I thought I knew a bit about Alaska. I’ve been there several times—twice for the ceremonial start to the Iditarod in Anchorage where a short, seated dogsled ride around a small block taught me one of the reasons why mushers stand. Ouch!
I’ve been to Fairbanks, took a tour of the Chena River where we visited Susan Butcher’s kennels, watched some of the dog training, saw Native Alaskans preparing salmon. Learned about Fairbank’s temperature extremes. And glad I was there in the summer.
I’ve been far north, trying to get to Nome for solstice. Heavy rains prevented our plane from landing, so we contented ourselves in Kotzebue, having lunch in a restaurant across the street from the Arctic Ocean and visiting the Northwest Arctic Heritage Center. My husband’s been to Utqiagvik (formerly Barrow) several times. Can you say polar bears?
So I thought I knew a little about Alaska. Until now. In 2017, nearly ten percent of patients at Schick Shadel Hospital came from Alaska. Most were referred by a friend or family member who came to Schick and was successful. Meeting a few current patients and listening to their stories made me curious about the extent of addiction there.
I found that Alaska has one of the highest rates of addiction of all the states; that alcohol continues to be the most abused substance in Alaska. Yet there’s a massive hole in the availability of detox facilities. There is only one in the entire state, and it’s in Anchorage. Wait… Are you kidding me? One—in the entire state of Alaska?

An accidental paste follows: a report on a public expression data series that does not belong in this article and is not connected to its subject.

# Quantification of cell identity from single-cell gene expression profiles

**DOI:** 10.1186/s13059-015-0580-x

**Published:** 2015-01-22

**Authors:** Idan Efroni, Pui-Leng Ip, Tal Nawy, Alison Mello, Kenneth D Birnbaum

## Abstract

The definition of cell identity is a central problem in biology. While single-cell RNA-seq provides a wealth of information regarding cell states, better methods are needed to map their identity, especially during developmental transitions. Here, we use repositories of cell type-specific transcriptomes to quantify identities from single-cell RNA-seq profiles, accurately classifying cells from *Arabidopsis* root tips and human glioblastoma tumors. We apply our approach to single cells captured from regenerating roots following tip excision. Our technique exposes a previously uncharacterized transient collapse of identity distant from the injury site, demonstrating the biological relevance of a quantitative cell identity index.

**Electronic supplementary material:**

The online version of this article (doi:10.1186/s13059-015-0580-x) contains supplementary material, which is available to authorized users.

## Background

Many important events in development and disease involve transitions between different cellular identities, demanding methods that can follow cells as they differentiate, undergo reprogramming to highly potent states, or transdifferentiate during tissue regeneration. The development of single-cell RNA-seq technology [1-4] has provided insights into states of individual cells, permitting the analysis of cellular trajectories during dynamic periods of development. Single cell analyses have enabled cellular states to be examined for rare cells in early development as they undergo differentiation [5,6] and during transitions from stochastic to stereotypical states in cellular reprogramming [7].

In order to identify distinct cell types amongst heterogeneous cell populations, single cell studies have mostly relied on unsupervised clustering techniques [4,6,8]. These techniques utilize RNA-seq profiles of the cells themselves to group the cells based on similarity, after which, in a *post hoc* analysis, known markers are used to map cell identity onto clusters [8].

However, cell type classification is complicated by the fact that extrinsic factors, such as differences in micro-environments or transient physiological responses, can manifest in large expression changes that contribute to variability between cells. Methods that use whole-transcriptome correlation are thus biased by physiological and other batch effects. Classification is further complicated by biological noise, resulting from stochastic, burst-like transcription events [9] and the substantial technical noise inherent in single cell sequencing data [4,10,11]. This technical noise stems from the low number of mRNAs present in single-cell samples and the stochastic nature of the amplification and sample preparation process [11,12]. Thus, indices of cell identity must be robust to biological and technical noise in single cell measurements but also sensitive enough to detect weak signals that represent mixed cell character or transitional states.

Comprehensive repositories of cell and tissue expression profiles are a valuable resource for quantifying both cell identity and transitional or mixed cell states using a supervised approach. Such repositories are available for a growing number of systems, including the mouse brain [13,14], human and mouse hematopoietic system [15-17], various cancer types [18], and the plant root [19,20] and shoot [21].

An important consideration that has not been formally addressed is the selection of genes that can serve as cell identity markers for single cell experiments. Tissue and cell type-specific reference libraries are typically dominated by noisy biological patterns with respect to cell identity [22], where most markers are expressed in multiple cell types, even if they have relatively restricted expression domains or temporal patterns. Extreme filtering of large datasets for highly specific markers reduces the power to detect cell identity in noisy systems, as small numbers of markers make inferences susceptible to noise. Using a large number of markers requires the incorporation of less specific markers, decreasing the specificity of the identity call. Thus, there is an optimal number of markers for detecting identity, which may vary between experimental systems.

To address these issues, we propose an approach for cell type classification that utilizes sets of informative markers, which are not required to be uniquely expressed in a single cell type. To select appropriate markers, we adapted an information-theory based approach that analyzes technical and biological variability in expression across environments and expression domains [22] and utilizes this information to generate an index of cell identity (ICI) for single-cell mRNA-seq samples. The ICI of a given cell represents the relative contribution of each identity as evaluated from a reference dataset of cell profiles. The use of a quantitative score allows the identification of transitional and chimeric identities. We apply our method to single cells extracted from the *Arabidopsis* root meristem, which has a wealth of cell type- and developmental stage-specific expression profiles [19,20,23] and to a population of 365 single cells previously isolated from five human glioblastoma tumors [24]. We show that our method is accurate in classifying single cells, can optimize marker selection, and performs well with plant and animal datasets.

People who need to detox there have to depend on hospital Emergency Room systems, or they try to detox at home. Please don’t do this at home. Ever. Detoxing should only be done under the care of a medical professional—otherwise, consequences can be fatal. Let me put that another way: you could DIE trying to detox by yourself at home. I know this first hand because when I was about ten, I had to call 911 and accompany my father in an ambulance after he had seizures trying to detox at home. He lived, but I was terrified. And so, so devastated thinking I might lose him. Don’t put your family or yourself through this.
So what’s an Alaska resident to do? Schick Shadel Hospital is an option for patients from Alaska who need medical detox before undergoing aversion therapy treatment. We have many success stories from our Alaska patients. In future blogs I’ll introduce you to some of them.